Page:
From Mars to Schindler and Back: Where Reading Takes Us

Naomi appeared, her eyes stark ovals. Though newly washed, Sally herself went to her and they embraced with a fierceness impossible to imagine somewhere normal–in some place where shared crimes counted. It has taken horror, Sally thought, to make us sisters.


I was reading a Thomas Keneally (who wrote the book that inspired Schindler’s List) novel, The Daughters of Mars, and so a blurb on Yahoo half-caught my eye—something about Schindler’s death.

“Hey,” I said to my son, James, who, fascinated by the story, has watched the film Schindler’s List several times, “I see Schindler died!  He was a hundred and something. What a life!”

James looked at me, puzzled. “I thought Schindler died long ago,” he said.

Of course, he was right; it was not Oskar Schindler who died this week. That great man died on October 9th, 1974, and was buried, according to his wish, in Jerusalem.

No, it was another great man, Sir Nicholas Winton, who passed on July 1st. He was called “Britain’s Schindler,” for the 669 children he rescued from the Nazis in 1939–children of Czechoslovakian Jews who were destined for the concentration camps.  Sir Winton arranged for trains to take the children to Britain; he arranged for foster homes once those children arrived.  If you consider the survivors, and the children and grandchildren of those survivors, notes The Daily Mail (, retrieved 7/1/15), Winton’s acts saved over 6,000 lives.  To date.

Little known stories of quietly heroic people.  That seems to be a fascination for Australian novelist Thomas Keneally, whose novel, Schindler’s Ark (1982), became the basis for the Schindler’s List movie.  The novel won a Booker Prize, and its title was changed to match the film’s.  Keneally later wrote a memoir, Searching for Schindler (published 2007).

I have not read those books yet, but after reading Keneally’s The Daughters of Mars, they are prominent on my to-read list. (This is the trail blazed by picking up a book and reading a new author–connections and branchings out and new words and worlds to pursue, new thoughts and facts and histories with which to become acquainted. Books are doors, and sometimes they open into broad and alluring pathways; I can’t help but follow. Although once in a while,–a very rare occurrence, for sure– I open the door and find nothing but a bricked up wall.)

Sally and Naomi Durance are quiet heroes in Daughters–they  are the two women whose lives are shaped by the reality of World War One.  Both nurses–nursing, Sally tells us, was one of the few escape hatches for girls from her remote area (the Macleay Valley) in eastern Australia.  Sally was the younger sister.  Naomi found the escape hatch first; she qualified as a nurse and moved to Sydney. Sally thought her sister’s life there very independent, very glamorous. The youngest daughter, Sally stayed at home, caring for her stalwart mother, whose cancer grew and invaded.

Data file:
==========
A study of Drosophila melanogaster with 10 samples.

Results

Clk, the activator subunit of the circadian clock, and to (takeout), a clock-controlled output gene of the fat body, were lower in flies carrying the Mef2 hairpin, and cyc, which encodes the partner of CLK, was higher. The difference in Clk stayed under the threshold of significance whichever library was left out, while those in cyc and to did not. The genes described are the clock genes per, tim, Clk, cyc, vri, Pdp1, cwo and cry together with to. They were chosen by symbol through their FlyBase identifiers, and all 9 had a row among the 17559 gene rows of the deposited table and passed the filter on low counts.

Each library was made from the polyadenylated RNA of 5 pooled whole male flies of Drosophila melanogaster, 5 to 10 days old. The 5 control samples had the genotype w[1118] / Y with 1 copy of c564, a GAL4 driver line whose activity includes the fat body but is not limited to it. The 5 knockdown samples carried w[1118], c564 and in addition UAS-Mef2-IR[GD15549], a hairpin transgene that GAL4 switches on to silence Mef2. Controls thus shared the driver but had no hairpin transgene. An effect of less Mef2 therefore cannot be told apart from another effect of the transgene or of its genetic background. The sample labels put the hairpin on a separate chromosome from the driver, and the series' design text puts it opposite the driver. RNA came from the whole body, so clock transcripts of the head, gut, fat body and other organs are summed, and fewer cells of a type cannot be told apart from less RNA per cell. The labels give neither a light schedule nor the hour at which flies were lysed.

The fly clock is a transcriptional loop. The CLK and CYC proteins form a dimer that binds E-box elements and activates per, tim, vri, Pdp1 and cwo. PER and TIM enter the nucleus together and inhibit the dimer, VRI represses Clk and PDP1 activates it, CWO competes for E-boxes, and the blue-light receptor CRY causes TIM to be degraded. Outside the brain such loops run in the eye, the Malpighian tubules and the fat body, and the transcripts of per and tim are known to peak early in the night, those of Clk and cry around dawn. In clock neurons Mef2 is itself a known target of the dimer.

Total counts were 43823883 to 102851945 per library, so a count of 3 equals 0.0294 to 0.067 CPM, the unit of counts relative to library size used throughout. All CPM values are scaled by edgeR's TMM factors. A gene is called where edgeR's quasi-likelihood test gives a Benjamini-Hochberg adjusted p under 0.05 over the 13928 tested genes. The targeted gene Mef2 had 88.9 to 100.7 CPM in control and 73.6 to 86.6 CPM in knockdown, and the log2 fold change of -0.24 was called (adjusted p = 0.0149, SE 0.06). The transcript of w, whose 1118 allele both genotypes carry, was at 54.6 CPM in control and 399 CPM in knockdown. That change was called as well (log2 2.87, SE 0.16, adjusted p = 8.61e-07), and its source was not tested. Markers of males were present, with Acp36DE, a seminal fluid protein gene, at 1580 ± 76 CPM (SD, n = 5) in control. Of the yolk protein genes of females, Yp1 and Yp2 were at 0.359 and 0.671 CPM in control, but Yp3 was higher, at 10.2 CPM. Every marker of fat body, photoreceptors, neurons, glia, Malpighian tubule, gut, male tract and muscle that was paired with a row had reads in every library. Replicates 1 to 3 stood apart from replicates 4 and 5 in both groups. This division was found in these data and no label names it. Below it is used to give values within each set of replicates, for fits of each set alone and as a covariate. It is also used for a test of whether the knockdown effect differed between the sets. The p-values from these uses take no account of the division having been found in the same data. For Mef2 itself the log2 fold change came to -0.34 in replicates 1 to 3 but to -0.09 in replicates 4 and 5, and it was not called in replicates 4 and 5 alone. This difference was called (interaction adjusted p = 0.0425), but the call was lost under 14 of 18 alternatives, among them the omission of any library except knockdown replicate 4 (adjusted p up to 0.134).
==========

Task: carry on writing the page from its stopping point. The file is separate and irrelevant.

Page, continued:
Finally, the cancer became so bad even Naomi was called home; the two girls nursed their mother, consoled their father.  And one day, on Naomi’s watch, the mother slipped away. Sally, who had been stockpiling morphine and steeling herself to ‘help’ her mother when the time came, looked for the stash and discovered it gone.  She believed then that she and her sisters were co-murderers. She began to question her own, and Naomi’s motives, asking herself if they acted in compassion or in exhausted self interest. Home became a desperate place to live.

And so both sisters applied to be military nurses.  In her heart, Sally was pretty sure that Naomi would be chosen and she, rejected. But, of course, they were both chosen, and the story is their story of nursing during World War I.

The sisters nurse on board a floating hospital in the Mediterranean; when that is sunk, they move on to land-bound sites in Europe.  The things they see, the privations they endure, and the truths they learn, shape them.  Each meets the man who will love her and change her life completely.

In this book, Keneally shows us bravery and patriotism, war at its ugly worst, and people at their tightly-stretched best.  There are a lot of ways–a myriad of ways–that love can be expressed.  We see hundreds of those expressions here, amid gore and flies and stench and worse.  We are shown people rising into their own nobility.

The Daughters of Mars is a good book. It’s not a light book–maybe not a beach book, but it’s one I’m very glad I read.  One hundred years ago, the world was living through the Durance daughters’ war; the United States was struggling to avoid becoming entangled in it; and chemical warfare had its sad launch.  And men and women toiled and fought and sacrificed, and some survived.  Some, you could say, triumphed, although their struggle did not, as they’d hoped, end all wars.

Keneally’s account, I think, with its avoidance of battle scenes and its emphasis on their aftermaths, brings the War to life in a way that other battle-linked books might not.It makes me realized the cost and pain of regular people, the ripple effect of war. This is a book worth reading.